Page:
What You Need to Know
- The majority of the people who got measles in the current U.S. outbreak were unvaccinated.
- The recommendations and guidelines for MMR vaccination (Mumps, Measles and Rubella ) HAVE NOT changed.
- Measles remains a common disease in many parts of the world including some countries in Europe, Asia, the Pacific and Africa.
- Measles can spread when it reaches a community in the U.S. where groups of people are unvaccinated. Travelers with measles continue to bring the disease into the U.S. from Europe, Asia, the Pacific and Africa.
Feeling Sick (Symptoms)
Measles is an acute viral illness. It begins with a fever, cough, runny nose and redness of eyes lasting 2-4 days before a rash starts on the face and spreads downward to cover most of the body. Measles can cause severe health complications.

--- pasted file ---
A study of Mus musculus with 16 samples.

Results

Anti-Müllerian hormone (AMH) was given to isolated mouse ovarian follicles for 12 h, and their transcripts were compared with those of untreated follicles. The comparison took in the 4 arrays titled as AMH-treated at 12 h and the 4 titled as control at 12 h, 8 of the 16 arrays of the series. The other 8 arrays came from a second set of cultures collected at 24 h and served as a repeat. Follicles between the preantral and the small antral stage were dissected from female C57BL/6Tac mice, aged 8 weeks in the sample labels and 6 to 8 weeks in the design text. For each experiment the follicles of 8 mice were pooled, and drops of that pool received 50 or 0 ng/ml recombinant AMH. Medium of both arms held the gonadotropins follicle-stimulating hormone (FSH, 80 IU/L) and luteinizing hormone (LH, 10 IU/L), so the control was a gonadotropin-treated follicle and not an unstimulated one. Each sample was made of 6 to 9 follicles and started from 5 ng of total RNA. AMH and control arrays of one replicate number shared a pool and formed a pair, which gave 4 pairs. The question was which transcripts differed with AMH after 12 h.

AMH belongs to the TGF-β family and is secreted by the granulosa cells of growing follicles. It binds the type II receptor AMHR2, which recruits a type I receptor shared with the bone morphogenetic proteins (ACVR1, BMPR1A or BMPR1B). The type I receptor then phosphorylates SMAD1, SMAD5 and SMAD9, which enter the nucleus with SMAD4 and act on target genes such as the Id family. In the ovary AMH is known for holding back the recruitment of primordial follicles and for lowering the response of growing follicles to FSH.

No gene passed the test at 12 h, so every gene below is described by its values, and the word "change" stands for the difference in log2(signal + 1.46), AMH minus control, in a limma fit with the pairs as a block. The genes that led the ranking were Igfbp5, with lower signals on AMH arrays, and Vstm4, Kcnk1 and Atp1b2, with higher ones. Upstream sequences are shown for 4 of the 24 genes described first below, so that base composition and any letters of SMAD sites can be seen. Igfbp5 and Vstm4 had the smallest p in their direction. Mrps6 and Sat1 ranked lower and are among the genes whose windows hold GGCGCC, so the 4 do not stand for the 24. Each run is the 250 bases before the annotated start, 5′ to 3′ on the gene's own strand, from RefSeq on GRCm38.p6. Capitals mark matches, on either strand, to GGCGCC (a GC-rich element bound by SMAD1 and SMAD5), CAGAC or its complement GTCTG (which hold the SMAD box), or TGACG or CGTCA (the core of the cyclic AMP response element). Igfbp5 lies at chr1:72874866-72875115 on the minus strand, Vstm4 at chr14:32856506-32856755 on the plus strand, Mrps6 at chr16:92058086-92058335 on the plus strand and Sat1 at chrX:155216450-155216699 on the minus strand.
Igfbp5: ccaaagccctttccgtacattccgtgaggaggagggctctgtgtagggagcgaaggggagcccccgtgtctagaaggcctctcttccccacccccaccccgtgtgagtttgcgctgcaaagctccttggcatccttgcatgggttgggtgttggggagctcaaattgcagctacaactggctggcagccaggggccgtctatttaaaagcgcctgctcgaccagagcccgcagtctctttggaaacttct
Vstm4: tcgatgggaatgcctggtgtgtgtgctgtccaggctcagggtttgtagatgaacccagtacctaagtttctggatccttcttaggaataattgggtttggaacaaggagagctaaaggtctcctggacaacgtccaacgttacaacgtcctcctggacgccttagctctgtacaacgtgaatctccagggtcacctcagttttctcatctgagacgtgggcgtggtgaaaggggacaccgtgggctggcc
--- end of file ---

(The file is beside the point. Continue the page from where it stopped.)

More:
Measles is one of the most contagious disease known.
Measles is a virus that is spread when an infected person breathes, coughs or sneezes. The virus stays in the air and on surfaces for up to two hours after the infected person leaves the room.
Symptoms develop from 7 to 21 days after exposure. Infected people can spread the disease from 4 days before the rash starts and up to 4 days afterward.
If you think you or your child may need the MMR vaccination, please call the East Central District Health Department at (402) 563-9656 to schedule an appointment. Or contact a physician at (402) 562-7500.
DID YOU KNOW?
- If you do not feel sick, you cannot spread the measles.
- Two doses of the MMR vaccine gives protection for life against the measles, even if you had the vaccine as a child. It does not require a booster.